This is an article from the Moscow Times on 14 March 2014, quoting Squire Sanders’ Anastasia Melnikov, Moscow.  It is a heads-up to any employer proposing to apply for a work permit for Russia.

A lack of coordination between two government agencies concerning taxpayer identification numbers is creating difficulties for some foreigners trying to get a Russian work permit.

Since the start of this year, all foreigners applying for a work permit in Russia are obliged to obtain a taxpayer identification number from the Federal Tax Service.  Earlier it was only required for those in the category of highly qualified professionals, who handled the paperwork to get the ID number.

Under the new rules, the Federal Migration Service submits information about those applying for a work permit to the tax authority, which issues the taxpayer ID number within 30 days and notifies the employer.

This was meant to be an interaction between agencies; foreign citizens were not supposed to be involved in the process,” said Alexei Filipenkov, the head of Visa Delight human resources consultancy. “But practice shows that sometimes immigration authorities put the paperwork burden on individuals, telling them to personally apply for the taxpayer ID,” he said, adding that this has resulted in long lines at the tax offices.

But those standing in line are finding themselves directed back to the immigration authorities, which, in turn, may refuse a work permit on the grounds that the taxpayer ID has not been provided, Filipenkov said.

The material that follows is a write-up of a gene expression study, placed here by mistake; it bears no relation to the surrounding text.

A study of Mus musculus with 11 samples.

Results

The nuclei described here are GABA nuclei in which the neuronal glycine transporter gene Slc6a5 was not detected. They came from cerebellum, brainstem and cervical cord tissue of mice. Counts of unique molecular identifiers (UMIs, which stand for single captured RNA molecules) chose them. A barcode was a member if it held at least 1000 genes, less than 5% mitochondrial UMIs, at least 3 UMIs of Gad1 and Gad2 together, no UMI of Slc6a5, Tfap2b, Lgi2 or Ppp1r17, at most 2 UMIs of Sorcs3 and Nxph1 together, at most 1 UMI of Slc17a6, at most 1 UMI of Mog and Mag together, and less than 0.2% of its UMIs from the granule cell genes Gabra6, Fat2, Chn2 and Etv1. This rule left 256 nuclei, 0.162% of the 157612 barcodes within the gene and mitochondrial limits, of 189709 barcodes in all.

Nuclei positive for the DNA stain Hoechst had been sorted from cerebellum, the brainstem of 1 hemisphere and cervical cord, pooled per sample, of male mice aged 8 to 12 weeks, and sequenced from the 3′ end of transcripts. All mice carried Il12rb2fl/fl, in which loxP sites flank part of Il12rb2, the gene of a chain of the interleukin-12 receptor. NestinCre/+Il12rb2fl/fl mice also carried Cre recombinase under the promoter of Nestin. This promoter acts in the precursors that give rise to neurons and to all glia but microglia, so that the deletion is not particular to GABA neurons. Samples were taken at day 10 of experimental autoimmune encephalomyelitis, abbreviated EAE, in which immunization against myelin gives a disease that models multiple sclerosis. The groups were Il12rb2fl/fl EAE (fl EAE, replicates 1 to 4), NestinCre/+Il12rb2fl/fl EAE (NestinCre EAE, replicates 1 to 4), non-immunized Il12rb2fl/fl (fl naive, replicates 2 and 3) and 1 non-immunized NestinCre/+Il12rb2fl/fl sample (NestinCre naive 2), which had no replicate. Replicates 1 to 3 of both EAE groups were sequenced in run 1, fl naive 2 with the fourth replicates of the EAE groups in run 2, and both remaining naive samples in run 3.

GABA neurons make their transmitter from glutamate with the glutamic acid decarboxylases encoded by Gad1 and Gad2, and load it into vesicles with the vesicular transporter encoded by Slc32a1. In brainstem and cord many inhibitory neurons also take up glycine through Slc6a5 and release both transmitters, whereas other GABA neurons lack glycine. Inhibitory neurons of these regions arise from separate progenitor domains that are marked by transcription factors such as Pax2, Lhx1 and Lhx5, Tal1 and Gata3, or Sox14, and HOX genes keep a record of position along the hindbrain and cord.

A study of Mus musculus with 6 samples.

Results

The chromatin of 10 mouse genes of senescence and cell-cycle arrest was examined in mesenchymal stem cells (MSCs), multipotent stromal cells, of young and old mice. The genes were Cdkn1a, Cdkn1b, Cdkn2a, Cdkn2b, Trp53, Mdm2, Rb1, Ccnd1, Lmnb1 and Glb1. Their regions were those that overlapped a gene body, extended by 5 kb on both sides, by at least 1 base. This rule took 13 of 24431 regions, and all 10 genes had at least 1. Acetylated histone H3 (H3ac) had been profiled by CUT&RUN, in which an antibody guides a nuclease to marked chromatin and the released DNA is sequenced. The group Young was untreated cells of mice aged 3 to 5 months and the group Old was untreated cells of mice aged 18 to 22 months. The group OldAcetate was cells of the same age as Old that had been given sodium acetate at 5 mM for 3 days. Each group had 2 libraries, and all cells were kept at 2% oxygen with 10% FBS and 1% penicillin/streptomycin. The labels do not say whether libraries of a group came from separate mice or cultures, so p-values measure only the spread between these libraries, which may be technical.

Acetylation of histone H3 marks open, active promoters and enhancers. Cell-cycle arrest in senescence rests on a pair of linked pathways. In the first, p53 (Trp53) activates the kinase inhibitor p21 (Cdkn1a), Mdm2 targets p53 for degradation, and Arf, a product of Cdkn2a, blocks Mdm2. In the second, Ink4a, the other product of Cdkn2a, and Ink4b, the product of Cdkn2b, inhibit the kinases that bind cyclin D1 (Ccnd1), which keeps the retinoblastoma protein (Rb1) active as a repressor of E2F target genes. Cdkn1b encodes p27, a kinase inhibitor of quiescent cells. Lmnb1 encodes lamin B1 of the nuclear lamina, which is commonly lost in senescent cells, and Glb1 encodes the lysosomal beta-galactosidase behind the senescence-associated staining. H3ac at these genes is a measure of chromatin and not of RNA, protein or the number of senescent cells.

Anastasiya Melnikova, an associate at Squire Sanders international law firm, said, “Our practice is to file the forms required to get the taxpayer ID beforehand and submit them along with other documents [for the work permit] to the migration service.”

The Association of European Businesses told The Moscow Times that some of its member companies did have to fill out additional forms when applying for a work permit.

We understood from an answer the migration service gave to our inquiry [regarding the situation with work permits], that giving them individual applications for tax ID numbers should speed up the process, although these forms are meant for use between the authorities,” a spokesman for the Association said. “However, we believe this is a temporary measure and soon the system will be better coordinated and will not involve individual applicants”.

Still, consultants recommend filing all necessary forms to the immigration authorities well in advance of applying for a new work permit.

Otherwise, you will not be able to prove anything,” Filipenkov said. “The authorities may excuse themselves on the grounds that their database was not working or give other reasons. But for a foreigner the result may be the loss of a desired position because for a company the risks of employing someone without a permit outweigh any possible benefits.”

According to the Federal Migration Service, about 3 million foreigners were employed in Russia last year, up from more than 2.6 million a year earlier. More than 1.2 million of them had a standard work permit and 1.5 million obtained a ”patent” — which is a work visa often issued to migrant workers and involves a one-time fee. The number of people getting work permits in the “qualified” and ”highly qualified” foreign personnel category in 2013 grew threefold to 155,000, from 55,000 in 2012.